Today’s post is from Lydia Posselt, Pastor at Family of God in in Buckingham, PA. This is the second of two posts about how congregations will be worshipping this year when the fourth Sunday of Advent falls on Christmas Eve.


I’m coming to the end of my first year as pastor in my congregation, and Christmas is the last “first” of the list. This also happens to be the year when Advent 4 is Christmas Eve. Since the day is so full, I decided to concentrate on Christmas Eve and to adapt an “Advent Lessons and Carols” service from Sundays and Seasons for the morning service. The result is a relaxed service that recognizes Advent 4. Since I know that many of my members will likely come to both the morning service and also one of the two Christmas Eve services we offer (at 4 and 8p.m.), this is a way we can give attention to both celebrations.

This particular Sundays and Seasons template we’re using is called “Savior of the Nations Come” and highlights Advent hymns from around the world.  For the most part I’m using the hymns S&S recommends, like “Come Now, O Prince of Peace” (ELW 247) and “He Came Down” (ELW 253), but I made a few small changes to the liturgy: I took out the opening dialogue so that we can still light the 4th candle on the Advent wreath and do our usual lighting liturgy, and I added where each of the hymns come from next to where they are listed in the bulletin. I also swapped out “The Angel Gabriel from Heaven Came” (ELW 265) for the “Canticle of the Turning” (ELW 723) which happens right after the annunciation reading from Luke 1:26-38. That way we hear the text of the annunciation and then we get to sing a version of the Magnificat “along with” Mary.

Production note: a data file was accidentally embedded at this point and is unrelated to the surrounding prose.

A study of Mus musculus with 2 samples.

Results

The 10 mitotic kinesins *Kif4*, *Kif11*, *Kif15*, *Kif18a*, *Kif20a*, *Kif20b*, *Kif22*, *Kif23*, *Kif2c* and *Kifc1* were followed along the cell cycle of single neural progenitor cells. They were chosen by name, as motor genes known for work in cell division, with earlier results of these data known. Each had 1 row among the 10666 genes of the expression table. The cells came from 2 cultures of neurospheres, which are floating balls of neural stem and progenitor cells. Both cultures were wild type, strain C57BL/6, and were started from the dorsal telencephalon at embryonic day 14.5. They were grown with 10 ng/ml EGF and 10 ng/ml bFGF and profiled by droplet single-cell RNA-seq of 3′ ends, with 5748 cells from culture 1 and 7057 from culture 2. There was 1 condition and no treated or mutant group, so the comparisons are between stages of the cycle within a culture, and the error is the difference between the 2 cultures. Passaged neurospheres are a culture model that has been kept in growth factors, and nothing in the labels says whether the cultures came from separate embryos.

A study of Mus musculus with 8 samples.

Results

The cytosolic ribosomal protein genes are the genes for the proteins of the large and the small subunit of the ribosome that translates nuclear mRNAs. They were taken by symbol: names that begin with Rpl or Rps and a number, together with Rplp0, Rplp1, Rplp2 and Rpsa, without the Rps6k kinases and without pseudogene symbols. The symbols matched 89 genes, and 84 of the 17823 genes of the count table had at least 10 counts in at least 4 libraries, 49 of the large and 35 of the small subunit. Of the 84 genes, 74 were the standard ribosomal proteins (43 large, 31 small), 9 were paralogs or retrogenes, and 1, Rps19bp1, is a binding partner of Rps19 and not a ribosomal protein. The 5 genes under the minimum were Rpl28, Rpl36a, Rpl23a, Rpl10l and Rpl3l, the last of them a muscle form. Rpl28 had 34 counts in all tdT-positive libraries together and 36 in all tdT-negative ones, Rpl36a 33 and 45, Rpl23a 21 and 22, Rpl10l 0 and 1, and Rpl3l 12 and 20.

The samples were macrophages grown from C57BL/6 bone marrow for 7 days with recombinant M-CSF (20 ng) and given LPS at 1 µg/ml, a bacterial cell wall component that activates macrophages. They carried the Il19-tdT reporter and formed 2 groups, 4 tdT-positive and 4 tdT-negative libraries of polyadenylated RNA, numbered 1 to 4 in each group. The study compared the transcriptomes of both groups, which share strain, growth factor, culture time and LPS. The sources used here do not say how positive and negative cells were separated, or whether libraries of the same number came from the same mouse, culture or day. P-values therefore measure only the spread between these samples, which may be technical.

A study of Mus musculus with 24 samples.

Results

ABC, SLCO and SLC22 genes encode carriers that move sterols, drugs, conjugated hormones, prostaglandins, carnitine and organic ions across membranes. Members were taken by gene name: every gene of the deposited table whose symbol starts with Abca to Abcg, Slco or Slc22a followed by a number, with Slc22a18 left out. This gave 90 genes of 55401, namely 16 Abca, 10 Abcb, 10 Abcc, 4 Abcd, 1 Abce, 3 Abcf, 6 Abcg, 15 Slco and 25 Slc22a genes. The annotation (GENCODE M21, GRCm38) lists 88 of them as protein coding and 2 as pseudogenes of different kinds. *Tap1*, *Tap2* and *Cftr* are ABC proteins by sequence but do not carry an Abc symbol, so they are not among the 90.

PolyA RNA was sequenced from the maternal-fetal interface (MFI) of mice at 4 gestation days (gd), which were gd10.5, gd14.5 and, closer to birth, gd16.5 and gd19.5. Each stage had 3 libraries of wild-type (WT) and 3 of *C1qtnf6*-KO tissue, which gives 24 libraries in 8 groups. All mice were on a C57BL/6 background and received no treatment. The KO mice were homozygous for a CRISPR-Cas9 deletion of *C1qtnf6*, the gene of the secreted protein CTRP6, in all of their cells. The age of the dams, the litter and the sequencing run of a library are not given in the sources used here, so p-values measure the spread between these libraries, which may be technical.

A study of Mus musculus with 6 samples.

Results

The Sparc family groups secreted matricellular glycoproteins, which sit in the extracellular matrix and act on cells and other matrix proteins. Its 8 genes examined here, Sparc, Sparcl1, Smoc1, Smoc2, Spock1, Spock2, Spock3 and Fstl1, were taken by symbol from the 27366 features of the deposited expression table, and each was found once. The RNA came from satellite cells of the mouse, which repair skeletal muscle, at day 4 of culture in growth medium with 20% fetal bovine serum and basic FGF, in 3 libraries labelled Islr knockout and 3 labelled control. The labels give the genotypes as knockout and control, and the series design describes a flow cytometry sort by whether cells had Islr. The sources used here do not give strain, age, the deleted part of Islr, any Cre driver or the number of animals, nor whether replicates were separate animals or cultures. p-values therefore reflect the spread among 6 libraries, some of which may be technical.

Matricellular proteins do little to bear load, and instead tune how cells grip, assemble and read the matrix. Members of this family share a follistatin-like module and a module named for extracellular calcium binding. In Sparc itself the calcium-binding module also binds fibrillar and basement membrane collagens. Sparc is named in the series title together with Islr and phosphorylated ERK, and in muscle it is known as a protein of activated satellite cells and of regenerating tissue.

After I came back from a trip to Namibia in May to preach at the Lutheran World Federation Assembly, I have been introducing a few of the hymns I learned while there in our worship, and my congregation has enjoyed learning them. I think it’s important to highlight that Lutherans come from all over the world, as do great hymns. There are just too many good Advent hymns to include during any given Advent season, and I think this service is a great way to enjoy ones that might not otherwise make it into the rotation this year. Even though they may not be all that familiar to my congregation, they are catchy tunes that are easy to learn and very singable. If this goes over well, it will be something we can keep “in our back pocket” whenever the next time Advent 4 is also Christmas Eve… or really at any point during Advent we want to do something a little different!

Pictures are of members of Family of God painting the back glass wall of our sanctuary, which separates the sanctuary from the narthex (above) and the finished painting all ready for Advent (below).